Ten more children have died of the flu nationwide, bringing the total number of youth fatalities to 63 since the season started on Oct. 1, according to federal health officials.
The newest weekly report from the Centers for Disease Control and Prevention shows the country is experiencing the highest rate of flu-like illnesses since the flu pandemic of 2009.
This season has also seen the highest flu hospitalization rate since 2010, according to a KSDK report. Federal officials are reporting that there were 17,101 confirmed influenza-associated hospitalizations between Oct. 1, 2017 and Feb. 3, 2018.
Officials also confirmed the flu is still considered widespread in Puerto Rico and 48 states, and they expect the number of flu cases to remain elevated.
“I want to recognize that this flu season has been hard on many so far,” acting CDC Director Dr. Anne Schuchat tweeted Friday afternoon. “We can’t predict how much longer this season will last. But if we stay vigilant and take steps to fight flu, we can reduce the risk of getting — and transmitting — it.”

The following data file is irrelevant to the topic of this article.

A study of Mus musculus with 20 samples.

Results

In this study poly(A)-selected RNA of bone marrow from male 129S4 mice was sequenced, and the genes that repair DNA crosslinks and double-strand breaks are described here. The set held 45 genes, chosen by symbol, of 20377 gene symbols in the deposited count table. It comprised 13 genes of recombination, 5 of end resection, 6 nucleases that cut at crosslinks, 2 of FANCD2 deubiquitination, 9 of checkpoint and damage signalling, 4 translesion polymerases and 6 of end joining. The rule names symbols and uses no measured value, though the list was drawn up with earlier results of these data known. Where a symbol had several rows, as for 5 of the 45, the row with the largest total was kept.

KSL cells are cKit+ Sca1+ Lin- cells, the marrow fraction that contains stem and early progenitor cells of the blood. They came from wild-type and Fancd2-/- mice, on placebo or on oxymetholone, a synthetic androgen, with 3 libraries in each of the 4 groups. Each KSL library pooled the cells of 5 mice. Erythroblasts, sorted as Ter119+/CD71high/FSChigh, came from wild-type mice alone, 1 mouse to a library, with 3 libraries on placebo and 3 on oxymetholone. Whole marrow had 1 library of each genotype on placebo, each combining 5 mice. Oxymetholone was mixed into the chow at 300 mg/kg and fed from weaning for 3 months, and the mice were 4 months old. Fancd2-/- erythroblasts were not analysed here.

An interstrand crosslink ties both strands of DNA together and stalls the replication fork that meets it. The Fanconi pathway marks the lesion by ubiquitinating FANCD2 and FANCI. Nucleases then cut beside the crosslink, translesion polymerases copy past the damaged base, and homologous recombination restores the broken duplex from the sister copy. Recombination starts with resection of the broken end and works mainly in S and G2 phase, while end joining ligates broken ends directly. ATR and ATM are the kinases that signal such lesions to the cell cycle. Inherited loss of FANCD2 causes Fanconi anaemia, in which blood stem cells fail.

Metro-east hospitals were limiting visitors and some were experiencing bed shortages with the number of influenza patients. In early December, an influenza outbreak caused Litchfield schools to close for two days as 23 percent of the students were out sick.
Medical professionals continue to urge all residents to get a flu shot, even at this point this late in the season. While it cannot guarantee protection from infection, it can reduce the severity of the illness and prevent further spread.
Experts also reminded people that they cannot get the flu from the flu shot.
People are also recommended to avoid crowds, wash hands often, avoid touching eyes, nose and mouth, clean and disinfect surfaces and maintain a healthy lifestyle.
If someone is infected, they should stay home, rest, drink fluids and avoid contact with others — especially the elderly and infants. Flu infection can continue up to 24 hours after the fever breaks without the help of a fever-reducing medication.